My friend Scot is a photographer, and he posted some terrific photos he took with an analog camera on his blog yesterday along with some musings about the nature of shooting with film instead of taking digital pictures. I’m no photographer, but I think there’s a tactile quality about shooting film that I can understand the appeal of. I also think this appeal can be appreciated even by younger people who first learned to take pictures on a digital camera.
Scot’s love for film, and my own, doesn’t make us old people, although we might be some of the last American young people who first snapped pictures by looking through a view finder and not at a two-inch LCD screen. We just appreciate the peculiar advantages of older technologies, like record enthusiasts. Right?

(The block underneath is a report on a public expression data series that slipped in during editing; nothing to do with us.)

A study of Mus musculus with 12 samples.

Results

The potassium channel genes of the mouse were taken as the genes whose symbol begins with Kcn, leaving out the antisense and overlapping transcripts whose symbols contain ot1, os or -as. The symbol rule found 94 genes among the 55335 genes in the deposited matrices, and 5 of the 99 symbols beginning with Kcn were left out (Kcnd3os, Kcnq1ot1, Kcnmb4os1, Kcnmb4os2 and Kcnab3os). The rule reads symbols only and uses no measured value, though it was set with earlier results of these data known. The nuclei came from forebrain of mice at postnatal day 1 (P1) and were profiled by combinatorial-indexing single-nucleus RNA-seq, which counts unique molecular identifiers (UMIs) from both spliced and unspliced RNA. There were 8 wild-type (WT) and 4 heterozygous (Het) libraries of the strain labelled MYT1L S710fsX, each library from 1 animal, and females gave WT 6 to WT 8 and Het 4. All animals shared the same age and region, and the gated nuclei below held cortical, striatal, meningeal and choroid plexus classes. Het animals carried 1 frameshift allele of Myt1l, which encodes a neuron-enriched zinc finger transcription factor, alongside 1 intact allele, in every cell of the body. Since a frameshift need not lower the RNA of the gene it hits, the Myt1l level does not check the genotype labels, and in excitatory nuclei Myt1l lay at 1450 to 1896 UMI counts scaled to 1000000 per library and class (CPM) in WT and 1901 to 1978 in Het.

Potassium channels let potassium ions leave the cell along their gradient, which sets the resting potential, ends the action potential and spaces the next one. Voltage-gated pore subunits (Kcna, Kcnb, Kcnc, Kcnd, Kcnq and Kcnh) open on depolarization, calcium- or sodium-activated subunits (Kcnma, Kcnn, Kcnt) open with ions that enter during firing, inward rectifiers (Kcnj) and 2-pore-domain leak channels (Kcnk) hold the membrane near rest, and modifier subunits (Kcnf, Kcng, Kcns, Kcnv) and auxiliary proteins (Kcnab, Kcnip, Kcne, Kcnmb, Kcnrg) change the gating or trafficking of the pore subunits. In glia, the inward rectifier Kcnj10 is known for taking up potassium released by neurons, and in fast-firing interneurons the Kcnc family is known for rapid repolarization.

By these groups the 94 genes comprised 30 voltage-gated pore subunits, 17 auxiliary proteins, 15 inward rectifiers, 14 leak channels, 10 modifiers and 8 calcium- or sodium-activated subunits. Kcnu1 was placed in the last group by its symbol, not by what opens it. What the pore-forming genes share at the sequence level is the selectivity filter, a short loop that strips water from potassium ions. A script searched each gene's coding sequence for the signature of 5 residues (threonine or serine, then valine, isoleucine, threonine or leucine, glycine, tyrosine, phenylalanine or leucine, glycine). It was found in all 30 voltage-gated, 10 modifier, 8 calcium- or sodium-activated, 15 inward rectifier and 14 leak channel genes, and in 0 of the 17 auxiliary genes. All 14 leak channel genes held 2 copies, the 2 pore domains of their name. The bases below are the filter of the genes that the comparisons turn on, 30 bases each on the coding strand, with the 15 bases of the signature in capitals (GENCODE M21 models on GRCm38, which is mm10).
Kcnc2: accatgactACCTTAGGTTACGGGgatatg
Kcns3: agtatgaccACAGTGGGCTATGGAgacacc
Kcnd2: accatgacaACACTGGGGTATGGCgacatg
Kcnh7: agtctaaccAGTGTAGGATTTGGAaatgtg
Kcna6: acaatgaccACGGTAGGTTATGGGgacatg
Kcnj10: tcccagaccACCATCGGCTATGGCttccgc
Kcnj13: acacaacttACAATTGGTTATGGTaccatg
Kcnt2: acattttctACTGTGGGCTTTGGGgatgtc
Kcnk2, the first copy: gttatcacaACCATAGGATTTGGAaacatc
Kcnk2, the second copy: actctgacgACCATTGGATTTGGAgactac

But today, I found myself explaining what a floppy disk is (was?) to a high school student, and at Calvin, when I told someone I’m doing research on a microfiche collection, I had to explain what microfiche is. Am I actually old enough to remember obsolescent technologies? Well dang, J. Alfred, I wore the bottoms of my trousers rolled today too!
I took a Pew quiz a couple of days ago called “How Millennial are you?“—that’s the generation I’m supposed to belong to—and I scored a 38. That means I’m practically a baby boomer by attitudes and technology habits. Man. Never mind that I found the quiz on Facebook. But if there’s one thing I learned growing up in the 90s, it’s that internet quizzes never lie. That’s how I know for absolute fact that the kind of cheese I most resemble is Shropshire Blue and that my magic power is to breathe underwater.
OK, well, I think Jeopardy’s about to start, so I probably better get myself a glass of prune juice and find the zapper.